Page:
Spring is in the air and while college students may be hard at work studying for finals, they may not have found the time to have an active social life as well. Good on them for buckling down, certainly, but a well-balanced life is what keeps students happy and motivated. According to author Julia T. Wood in her text, Communication in Our Lives, Seventh Edition, socializing helps us to build the much-needed communication skills that we use every day. “We spend a great deal of time communicating. We talk, listen, have dialogues with ourselves, participate in group discussions, present oral reports, watch and listen to mass communication, and so forth. From birth to death, communication shapes our personal, professional, civic, and social lives as well as the culture in which we live.” (4) So encourage your students to get out of their comfort zone from time to time and make some new connections! People they haven’t met yet might just change their college experience altogether.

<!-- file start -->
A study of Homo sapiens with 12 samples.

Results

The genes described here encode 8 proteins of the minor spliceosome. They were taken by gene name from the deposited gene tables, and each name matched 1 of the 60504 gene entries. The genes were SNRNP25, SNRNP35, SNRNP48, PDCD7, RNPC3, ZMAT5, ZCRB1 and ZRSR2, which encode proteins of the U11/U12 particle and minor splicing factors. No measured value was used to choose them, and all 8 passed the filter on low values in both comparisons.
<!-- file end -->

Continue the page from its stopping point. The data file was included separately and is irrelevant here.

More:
Making Personal Connections

Where to find these new diamond-in-the-rough individuals? We did a little digging of our own. According to our recent survey, 33% of students share that they met their closest friends in classes, and 31% say they met them through organizations or clubs—both viable opportunities where you know you’ll have at least one thing in common from the get-go. However, we learned that most students didn’t even have to leave the comfort of their residence hall to meet their closest companions. A whopping 72% of students met their best friends right in the dorms.

Benefits of Relationship Building

Learning to build strong relationships helps students improve their interpersonal skills, which allows them to excel in the classroom, on a social level, as well as in the professional world. Developing interpersonal communication skills is always a work in progress but can give students a much-needed confidence boost, which will come in hand when it’s time to begin networking and making professionally beneficial connections. As students meet new friends through their time at school, they will also meet dozens of instructors and advisors that can have a positive impact on their education and even career. When beginning new classes, good relationships with the teaching assistants and professors not only make for great resources and potential college mentors, but they can also provide students with powerful references when they apply to graduate schools, internships, and jobs.

Reference: Wood, Julia T. 2015. Communication in Our Lives, 7th ed. Belmont, CA: Wadsworth, Cengage Learning.

What suggestions do you have for students looking to get out there and make new connections? Share your ideas in the comments below!